Washington (AFP) – Media watchdog groups expressed alarm Friday over the seizing of a journalist’s records as part of a probe into intelligence leaks resulting in the indictment of a congressional staffer.
The Justice Department late Thursday announced the indictment of James Wolfe, 57, on three counts of making false statements about his contacts with three reporters.
As part of the probe, the Justice Department seized years of records related to two email accounts and a phone number belonging to New York Times reporter Ali Watkins, the newspaper reported.
The seizing of records raises constitutional concerns about press freedom, activists said. At the same time, the admission of a personal relationship between the reporter and the source raised questions about journalistic ethics.
Committee to Protect Journalists program director Alexandra Ellerbeck called the government’s action a “dangerous precedent,” arguing that journalists must be able to protect the confidentiality of their sources.
“We fear (this action) could be an opening salvo in an ongoing battle over reporters’ ability to protect their sources,” Ellerbeck said in a statement.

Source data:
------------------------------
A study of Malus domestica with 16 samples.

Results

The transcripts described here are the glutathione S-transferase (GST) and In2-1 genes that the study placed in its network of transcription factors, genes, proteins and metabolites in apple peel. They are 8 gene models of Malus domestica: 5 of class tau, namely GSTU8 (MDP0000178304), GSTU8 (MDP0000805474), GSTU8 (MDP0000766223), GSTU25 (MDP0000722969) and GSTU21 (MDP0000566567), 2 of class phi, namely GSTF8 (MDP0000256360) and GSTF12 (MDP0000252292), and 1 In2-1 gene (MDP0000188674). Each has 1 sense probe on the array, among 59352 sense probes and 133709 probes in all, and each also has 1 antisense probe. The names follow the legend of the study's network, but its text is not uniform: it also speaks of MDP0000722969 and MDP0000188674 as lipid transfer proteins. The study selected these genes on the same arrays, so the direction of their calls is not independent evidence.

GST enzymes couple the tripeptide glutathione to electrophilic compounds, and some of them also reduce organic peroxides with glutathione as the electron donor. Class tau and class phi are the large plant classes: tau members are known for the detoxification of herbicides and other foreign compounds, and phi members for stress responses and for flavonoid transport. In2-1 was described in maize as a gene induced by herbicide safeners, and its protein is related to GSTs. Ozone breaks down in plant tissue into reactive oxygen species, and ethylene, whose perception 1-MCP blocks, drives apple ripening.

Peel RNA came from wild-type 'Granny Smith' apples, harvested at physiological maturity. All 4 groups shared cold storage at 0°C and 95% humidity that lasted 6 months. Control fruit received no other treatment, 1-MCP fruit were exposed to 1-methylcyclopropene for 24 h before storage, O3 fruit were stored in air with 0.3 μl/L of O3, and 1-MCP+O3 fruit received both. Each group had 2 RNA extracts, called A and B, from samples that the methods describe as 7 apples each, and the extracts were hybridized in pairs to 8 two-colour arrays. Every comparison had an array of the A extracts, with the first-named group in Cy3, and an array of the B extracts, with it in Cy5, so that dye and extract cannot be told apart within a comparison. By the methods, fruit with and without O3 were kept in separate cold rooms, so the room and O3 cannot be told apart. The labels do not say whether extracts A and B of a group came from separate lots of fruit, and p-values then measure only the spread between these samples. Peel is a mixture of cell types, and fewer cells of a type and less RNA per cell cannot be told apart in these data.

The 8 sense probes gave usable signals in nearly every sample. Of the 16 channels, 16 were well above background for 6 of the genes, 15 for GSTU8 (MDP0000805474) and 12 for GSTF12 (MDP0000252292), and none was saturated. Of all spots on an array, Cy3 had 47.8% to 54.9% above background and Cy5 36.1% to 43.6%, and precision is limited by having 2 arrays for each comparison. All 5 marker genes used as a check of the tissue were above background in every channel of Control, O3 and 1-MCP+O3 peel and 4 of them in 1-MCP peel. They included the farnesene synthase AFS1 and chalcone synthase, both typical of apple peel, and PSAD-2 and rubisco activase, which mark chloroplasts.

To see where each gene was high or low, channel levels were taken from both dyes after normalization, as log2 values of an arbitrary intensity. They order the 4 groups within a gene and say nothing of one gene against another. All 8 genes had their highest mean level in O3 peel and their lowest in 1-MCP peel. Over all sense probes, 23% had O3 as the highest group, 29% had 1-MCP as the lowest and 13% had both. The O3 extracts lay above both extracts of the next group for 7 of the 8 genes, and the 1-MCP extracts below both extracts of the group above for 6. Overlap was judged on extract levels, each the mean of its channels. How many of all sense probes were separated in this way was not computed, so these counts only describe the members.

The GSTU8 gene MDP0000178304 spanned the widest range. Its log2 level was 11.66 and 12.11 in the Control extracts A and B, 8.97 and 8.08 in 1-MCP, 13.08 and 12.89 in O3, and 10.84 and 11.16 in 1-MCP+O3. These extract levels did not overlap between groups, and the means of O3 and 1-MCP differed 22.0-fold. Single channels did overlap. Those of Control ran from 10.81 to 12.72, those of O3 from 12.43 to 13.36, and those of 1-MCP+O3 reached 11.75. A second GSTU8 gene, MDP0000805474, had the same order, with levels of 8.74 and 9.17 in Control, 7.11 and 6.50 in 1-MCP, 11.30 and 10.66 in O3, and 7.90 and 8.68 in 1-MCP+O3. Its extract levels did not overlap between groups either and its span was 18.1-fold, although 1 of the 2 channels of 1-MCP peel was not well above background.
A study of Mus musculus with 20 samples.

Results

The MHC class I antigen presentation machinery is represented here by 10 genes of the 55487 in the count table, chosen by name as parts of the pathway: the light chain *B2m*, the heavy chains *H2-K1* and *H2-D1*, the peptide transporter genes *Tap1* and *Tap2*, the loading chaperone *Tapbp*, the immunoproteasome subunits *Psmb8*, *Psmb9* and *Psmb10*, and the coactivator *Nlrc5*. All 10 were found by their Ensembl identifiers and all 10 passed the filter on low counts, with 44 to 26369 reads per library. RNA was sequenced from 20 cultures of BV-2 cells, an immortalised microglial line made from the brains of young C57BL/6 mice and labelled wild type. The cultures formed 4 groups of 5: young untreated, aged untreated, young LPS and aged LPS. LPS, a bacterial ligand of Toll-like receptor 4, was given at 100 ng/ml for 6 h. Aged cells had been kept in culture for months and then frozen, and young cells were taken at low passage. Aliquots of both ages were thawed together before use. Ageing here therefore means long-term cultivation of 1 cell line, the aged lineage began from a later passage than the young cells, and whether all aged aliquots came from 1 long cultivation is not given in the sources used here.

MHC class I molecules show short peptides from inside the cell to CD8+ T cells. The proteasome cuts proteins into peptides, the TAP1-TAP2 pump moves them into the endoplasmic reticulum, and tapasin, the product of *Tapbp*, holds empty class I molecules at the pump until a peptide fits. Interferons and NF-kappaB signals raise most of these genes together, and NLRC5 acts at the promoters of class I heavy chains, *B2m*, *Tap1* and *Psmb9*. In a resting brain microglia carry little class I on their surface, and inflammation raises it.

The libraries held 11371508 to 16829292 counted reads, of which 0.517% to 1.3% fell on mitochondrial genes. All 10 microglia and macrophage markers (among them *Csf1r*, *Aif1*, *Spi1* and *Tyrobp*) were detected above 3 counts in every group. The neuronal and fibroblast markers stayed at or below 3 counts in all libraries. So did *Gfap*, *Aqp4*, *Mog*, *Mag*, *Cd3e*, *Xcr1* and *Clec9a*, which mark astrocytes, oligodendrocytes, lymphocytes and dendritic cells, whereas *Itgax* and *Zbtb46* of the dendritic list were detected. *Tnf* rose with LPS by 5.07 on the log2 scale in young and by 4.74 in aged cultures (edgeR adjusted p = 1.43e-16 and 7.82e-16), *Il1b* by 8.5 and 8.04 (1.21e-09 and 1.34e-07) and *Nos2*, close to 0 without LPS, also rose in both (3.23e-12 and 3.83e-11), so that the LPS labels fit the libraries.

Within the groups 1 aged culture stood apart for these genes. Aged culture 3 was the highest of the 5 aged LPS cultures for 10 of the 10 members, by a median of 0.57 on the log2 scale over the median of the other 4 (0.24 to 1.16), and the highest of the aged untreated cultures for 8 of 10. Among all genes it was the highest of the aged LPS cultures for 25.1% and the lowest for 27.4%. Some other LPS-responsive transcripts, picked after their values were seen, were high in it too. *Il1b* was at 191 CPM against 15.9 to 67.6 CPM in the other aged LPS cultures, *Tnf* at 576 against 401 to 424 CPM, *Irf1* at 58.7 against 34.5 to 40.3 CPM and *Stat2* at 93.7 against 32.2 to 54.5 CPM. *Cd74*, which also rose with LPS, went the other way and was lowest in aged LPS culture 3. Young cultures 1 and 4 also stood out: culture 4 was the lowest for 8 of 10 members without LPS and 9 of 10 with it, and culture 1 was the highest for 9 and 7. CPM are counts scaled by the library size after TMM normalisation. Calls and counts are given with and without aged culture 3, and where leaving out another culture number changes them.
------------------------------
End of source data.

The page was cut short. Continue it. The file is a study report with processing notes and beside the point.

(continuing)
The Freedom Forum Institute, a media rights organization, said the case is the first in the Trump administration in which a reporter’s records have been seized.
“#PressFreedom advocates consider seizing journalists’ records to be an intrusion on First Amendment freedoms,” the group said in a tweet.
Politico’s media writer Michael Calderone described the seizure as “an alarming threat to press freedom.”
The case raised new concerns about whether journalists would be targeted as part of national security investigations, despite the constitutional protection of the media under the First Amendment of the US Constitution.
In a previous case under the Obama administration, a New York Times reporter faced criminal charges over a news source, but the case was later dropped.
New York Times spokeswoman Eileen Murphy said in a statement, “Freedom of the press is a cornerstone of democracy and we believe that communications between journalists and their sources demand protection.”
She added that the Justice Department’s actions “will endanger reporters’ ability to promise confidentiality to their sources and, ultimately, undermine the ability of a free press to shine a much needed light on government actions.”
The Times noted, meanwhile, that Watkins had been in a three-year romantic relationship with Wolfe, and that the indictment is based on false statements about the relationship.
This raises ethical questions along with the questions of constitutional protection, said Stephen Ward, a founder of the University of Wisconsin Center for Journalism Ethics who now writes the blog Media Morals.
“Most people say this kind of relationship creates a conflict of interest, and it creates all sorts of problems when this becomes public,” Ward told AFP.
“The journalist’s integrity becomes damaged, and if they do have a story to tell people will question whether it’s based on personal interests.”
Nonetheless, Ward said it is “very serious to seize journalist’s papers, it certainly is a First Amendment issue.”